Keeping careful watch on a deep-sea coral garden

Forests of stunning, old-growth corals thrive on seamounts and other hard-rock environments in the dark, cold waters of the deep ocean where they provide critical habitat for a wealth of fishes and invertebrates. These unique cold-water corals have become a research priority due to their importance as oases of life in the deep ocean, as well as concern for their safety in view of their extreme vulnerability to deep-sea trawling or other non-natural disturbances.

We know that deep-sea corals grow slowly and live for hundreds of years—life in the slow lane, so to speak. So is it reasonable to assume that the monotony of dark, cold, and relatively stable environmental conditions of the deep sea sets the pace of life for corals, sponges, and other species in these seamount habitats? Or could seasonal changes or relatively rare natural events play key roles in their survival, growth, and reproduction?

With so many fundamental questions about deep-sea corals still unanswered, MBARI Scientist Jim Barry and his team have set out to develop a system for studying these enigmatic communities over time. Observations and samples collected during occasional expeditions to seamounts can provide only a snapshot of the processes that shape coral communities. Therefore, a dedicated, autonomous deep-sea coral observatory is now under development. This observatory will be used as a hub for deploying sensors into these unique ecosystems. Our goal is to record the behavior and condition of corals and other species in relation to daily, seasonal, or episodic changes in environmental conditions that may shape these ecosystems.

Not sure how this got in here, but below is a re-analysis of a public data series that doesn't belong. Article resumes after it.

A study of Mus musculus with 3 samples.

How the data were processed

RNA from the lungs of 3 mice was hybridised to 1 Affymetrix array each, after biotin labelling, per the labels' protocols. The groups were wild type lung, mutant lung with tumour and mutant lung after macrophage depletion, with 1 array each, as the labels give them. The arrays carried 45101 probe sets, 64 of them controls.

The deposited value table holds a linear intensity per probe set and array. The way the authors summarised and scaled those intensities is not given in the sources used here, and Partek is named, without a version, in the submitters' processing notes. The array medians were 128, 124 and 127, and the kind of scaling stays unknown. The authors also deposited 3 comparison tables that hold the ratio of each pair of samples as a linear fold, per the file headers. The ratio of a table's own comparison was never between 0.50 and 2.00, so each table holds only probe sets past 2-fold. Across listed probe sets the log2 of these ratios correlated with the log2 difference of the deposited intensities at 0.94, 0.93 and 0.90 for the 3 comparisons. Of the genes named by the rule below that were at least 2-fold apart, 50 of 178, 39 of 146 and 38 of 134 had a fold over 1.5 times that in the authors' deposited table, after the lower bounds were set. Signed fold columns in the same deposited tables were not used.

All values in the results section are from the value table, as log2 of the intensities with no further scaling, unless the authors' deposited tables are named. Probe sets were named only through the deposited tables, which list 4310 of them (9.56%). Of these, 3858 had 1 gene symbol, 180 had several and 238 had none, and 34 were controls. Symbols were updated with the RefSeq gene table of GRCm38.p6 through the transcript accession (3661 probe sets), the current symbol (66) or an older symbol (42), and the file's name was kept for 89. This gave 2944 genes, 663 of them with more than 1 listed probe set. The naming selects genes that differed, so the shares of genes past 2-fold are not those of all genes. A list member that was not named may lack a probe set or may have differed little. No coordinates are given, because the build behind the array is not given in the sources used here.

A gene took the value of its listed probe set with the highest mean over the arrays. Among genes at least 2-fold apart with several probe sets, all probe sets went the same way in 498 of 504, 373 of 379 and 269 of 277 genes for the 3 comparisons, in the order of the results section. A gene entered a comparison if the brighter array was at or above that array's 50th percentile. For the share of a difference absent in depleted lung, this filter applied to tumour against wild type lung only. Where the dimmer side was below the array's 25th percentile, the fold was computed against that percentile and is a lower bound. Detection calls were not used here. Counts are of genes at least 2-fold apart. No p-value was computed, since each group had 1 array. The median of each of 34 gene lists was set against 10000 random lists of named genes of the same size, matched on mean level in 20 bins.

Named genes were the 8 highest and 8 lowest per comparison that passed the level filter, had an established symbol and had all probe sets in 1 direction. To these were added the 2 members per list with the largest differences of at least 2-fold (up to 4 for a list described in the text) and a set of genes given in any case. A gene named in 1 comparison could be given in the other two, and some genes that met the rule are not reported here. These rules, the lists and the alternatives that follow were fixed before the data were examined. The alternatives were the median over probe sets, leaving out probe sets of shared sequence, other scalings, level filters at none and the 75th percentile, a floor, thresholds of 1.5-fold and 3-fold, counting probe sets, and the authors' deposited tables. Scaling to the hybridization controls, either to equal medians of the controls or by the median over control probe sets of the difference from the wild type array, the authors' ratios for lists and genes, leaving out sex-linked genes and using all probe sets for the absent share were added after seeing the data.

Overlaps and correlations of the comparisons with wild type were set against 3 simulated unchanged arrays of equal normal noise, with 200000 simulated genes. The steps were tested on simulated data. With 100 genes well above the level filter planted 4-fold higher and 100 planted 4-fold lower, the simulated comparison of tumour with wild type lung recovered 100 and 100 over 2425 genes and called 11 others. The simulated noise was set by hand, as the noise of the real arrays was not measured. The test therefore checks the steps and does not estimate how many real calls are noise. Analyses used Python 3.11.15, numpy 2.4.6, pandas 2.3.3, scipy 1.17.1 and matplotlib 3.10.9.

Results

Sur Ridge is about 17 kilometers (10.5 miles) long and five kilometers (three miles) wide and is home to a lush community of corals and sponges.

The deep-sea coral observatory will include a suite of robots and instruments deployed at Sur Ridge, a seamount system 64 kilometers (40 miles) southwest of Moss Landing, California, and 800 meters (half a mile) below the ocean surface. Various sensors will be used to collect high-resolution observations of the condition and behavior of corals and associated species, with concurrent measurements of environmental conditions. The core of these observations will be made with time-lapse camera systems that can document the condition and behavior of corals and coral polyps (the tiny animals that make up a large coral structure), as well as changes in the abundance of predators or other species.

Other sensor packages will continuously record temperature, oxygen, levels of suspended organic debris, and current speeds near the bottom. Because coral feeding is passive, feeding success is affected by both current flow speeds and the concentration of suspended food particles. Sediment traps will be positioned to capture sinking particles to chronicle variation in the delivery of organic debris (food) from surface waters. In addition to traditional photographic cameras, new imaging systems and sensors to measure coral health (such as fat content or reproductive condition) are under development and will be added to the observatory in the future.

Two moorings to monitor the currents will be part of the instrumentation included in the coral observatory.

Together, these systems will reveal the day-to-day variations of life in a deep-sea coral community – something that has never been done before. It will also record notable events—such as tidal and episodic current speed changes—that affect the rain of food from surface waters, the influx of predators, or other surprises yet unknown. This first-ever deep-sea coral observatory just outside Monterey Bay showcases how much we have to learn about the ocean, and the need for investing in long-term monitoring networks to gain a better understanding of life within its waters and how it is changing. It also highlights another reason why the Monterey Bay area is a premiere location for marine research

Seeking a bird’s-eye view of the ocean to gain new insights

Unmanned aerial vehicles may be deployed for repeatable and low-cost ocean-science applications such as animal counts and monitoring harmful algal blooms.